When to Mow New Grass Seed
When newly planted grass seed initially starts to sprout, it will appear sparse. However, this is a sign that you have successfully prepared your own soil, planted the grass seed, and enabled it to germinate. In a matter of weeks, this exciting accomplishment will produce a tangle of healthy, lush grass blades. Although it might be tempting, you must avoid cutting your young grass until is firmly established itself in the soil. Most types of grass seed have a maturation period of 30 to 60 days. If your seedlings are cut too soon, it can cause widespread death.
Timing Is Everything
In most instances, a minimum four week waiting period must pass (after the seeds have germinated) before you can begin thinking about mowing. Using a mower to cut grass produces quite a lot of compaction, which is why young grass must be provided with an adequate amount of time to gain age and strength. Moreover, young grass is still attempting to develop a strong root system. If a mower is used too soon, its blades and wheels will pull the seedlings out of the ground, as opposed to cutting them. Because the mower simultaneously compacts the soil, it makes it even more difficult for the young grass to put down roots.
Height Does Matter
The height of new grass is an excellent method for determining whether or not the seedlings are ready for mowing. Grass that covers your lawn and has grown to a height of between 3 and 4 inches will more than likely be ready for mowing. For most types of seed, it will take eight weeks to reach an ideal height of 3.5 inches.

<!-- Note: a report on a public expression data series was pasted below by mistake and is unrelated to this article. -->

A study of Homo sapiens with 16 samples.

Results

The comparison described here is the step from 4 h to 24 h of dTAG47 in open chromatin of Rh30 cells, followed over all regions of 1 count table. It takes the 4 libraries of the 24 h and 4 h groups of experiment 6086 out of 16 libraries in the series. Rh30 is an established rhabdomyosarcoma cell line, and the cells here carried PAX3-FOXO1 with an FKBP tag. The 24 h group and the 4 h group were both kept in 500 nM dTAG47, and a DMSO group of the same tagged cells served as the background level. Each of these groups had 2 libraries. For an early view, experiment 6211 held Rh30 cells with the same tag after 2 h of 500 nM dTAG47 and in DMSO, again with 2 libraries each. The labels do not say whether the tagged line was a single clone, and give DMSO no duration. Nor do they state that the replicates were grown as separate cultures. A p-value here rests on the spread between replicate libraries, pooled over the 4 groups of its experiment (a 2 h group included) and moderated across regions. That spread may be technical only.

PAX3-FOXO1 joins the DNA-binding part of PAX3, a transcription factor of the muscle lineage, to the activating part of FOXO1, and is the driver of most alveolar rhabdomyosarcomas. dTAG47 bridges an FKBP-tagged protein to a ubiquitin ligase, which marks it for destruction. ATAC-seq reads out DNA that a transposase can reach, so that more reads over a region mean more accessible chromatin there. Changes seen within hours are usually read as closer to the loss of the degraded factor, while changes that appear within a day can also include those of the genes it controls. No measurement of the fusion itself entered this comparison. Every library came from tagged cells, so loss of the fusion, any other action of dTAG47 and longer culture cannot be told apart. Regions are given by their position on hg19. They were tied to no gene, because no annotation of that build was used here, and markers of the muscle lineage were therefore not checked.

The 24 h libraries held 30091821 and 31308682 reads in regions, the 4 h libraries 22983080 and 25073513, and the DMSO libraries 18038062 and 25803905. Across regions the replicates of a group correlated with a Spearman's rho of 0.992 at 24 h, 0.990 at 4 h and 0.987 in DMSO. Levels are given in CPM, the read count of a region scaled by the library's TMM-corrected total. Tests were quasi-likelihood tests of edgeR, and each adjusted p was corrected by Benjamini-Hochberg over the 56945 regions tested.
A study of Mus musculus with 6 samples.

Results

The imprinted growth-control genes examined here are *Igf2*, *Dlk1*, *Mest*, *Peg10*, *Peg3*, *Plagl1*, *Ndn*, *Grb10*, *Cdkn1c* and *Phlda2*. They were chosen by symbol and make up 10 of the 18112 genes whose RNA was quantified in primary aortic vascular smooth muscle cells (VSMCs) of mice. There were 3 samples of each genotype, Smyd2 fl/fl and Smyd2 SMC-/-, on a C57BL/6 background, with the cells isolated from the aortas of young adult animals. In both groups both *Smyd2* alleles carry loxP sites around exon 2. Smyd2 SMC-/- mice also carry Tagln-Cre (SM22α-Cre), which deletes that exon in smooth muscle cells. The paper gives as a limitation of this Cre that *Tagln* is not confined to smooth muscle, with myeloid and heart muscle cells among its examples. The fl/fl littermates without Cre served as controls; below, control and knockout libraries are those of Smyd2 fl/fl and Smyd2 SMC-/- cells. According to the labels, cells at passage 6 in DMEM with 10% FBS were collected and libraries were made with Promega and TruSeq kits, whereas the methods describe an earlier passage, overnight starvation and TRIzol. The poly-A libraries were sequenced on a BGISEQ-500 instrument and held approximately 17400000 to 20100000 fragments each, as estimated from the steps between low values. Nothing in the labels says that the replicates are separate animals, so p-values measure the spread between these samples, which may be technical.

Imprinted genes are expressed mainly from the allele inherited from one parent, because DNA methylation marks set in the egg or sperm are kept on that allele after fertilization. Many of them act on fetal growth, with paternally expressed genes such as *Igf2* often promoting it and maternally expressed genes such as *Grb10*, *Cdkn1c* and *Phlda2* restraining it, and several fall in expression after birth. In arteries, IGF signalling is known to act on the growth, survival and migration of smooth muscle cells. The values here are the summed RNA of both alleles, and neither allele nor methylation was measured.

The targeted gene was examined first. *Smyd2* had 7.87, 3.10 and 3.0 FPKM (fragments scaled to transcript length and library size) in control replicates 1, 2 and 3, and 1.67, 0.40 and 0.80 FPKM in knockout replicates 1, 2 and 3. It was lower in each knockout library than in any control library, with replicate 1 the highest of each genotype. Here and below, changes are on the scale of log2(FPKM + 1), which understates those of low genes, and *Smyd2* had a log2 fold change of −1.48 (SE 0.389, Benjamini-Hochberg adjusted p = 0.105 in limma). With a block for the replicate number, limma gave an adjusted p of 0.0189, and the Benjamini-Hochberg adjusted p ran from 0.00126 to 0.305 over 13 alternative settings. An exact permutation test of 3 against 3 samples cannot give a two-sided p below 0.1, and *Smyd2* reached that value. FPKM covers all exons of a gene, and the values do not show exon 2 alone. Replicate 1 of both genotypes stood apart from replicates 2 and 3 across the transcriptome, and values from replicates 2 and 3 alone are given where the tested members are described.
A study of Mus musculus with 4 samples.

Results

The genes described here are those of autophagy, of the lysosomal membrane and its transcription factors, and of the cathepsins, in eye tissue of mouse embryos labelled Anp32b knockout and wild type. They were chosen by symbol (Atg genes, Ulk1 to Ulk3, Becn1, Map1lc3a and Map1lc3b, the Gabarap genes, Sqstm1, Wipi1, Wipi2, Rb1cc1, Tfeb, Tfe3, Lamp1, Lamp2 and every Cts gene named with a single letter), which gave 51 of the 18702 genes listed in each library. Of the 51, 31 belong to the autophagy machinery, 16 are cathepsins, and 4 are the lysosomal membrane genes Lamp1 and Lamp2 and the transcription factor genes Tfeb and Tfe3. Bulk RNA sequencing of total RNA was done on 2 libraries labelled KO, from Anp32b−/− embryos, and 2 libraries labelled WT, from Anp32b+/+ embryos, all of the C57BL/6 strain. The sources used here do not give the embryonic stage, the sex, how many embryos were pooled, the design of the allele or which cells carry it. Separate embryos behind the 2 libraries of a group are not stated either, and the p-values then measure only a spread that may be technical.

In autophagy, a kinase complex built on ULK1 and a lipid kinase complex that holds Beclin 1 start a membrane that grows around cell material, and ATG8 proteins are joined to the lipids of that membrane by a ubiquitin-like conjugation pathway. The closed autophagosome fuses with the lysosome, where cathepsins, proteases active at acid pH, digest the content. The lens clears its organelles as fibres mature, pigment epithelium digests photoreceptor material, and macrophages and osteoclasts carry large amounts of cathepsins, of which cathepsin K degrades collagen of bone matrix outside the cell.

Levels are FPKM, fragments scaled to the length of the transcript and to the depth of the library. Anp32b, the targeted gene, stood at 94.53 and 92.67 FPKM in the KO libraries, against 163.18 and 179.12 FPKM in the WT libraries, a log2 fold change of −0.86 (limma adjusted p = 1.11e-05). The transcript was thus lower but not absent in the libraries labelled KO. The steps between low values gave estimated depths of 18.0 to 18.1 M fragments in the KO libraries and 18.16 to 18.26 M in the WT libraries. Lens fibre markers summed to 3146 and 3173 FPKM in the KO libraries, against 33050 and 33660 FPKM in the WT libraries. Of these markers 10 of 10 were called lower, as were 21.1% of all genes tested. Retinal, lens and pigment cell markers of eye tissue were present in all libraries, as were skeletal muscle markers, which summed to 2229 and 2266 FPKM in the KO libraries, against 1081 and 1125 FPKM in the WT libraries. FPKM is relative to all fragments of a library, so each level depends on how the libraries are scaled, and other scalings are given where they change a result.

Proper Mowing Techniques
For young grass, it is critical to maintain a moist environment for it to grow; however, before mowing your grass for the first time, it is imperative first to allow it to dry for 48 hours. This means halting all irrigation. When the blades of grass are allowed to dry, it creates the ideal conditions for your mower to make clean cuts as it is guided across your lawn. When grass leaves are wet, it causes them to become torn and tangled during the mowing process.
If your new grass is mowed incorrectly, it is entirely possible for widespread dieback to occur. Your mower’s blades should be freshly sharpened, and it is absolutely crucial to ensure that you do not cut your grass blades lower than 2.5 to 3 inches in height. Cutting new grass below the 2.5-inch mark can damage the grass’s infrastructure and weaken its immune system, which makes it susceptible to pests and pathogens.
Ideally, your mowing patterns should be varied. If you cut in a single direction each time you mow, the mower’s blades will push the blades of grass and cause them to become compacted into the soil. Each pass across your lawn should be in a different direction.
If you already have an established lawn and have seeded only bare patches, your mature grass may be mowed while you avoid the newly seeded areas. As the new grass starts to grow, take care to ensure that you follow the height and timing observances discussed here, so that you can incorporate their mowing into your standard mowing patterns. Doing so will, over time, eradicate any indications of prior patching.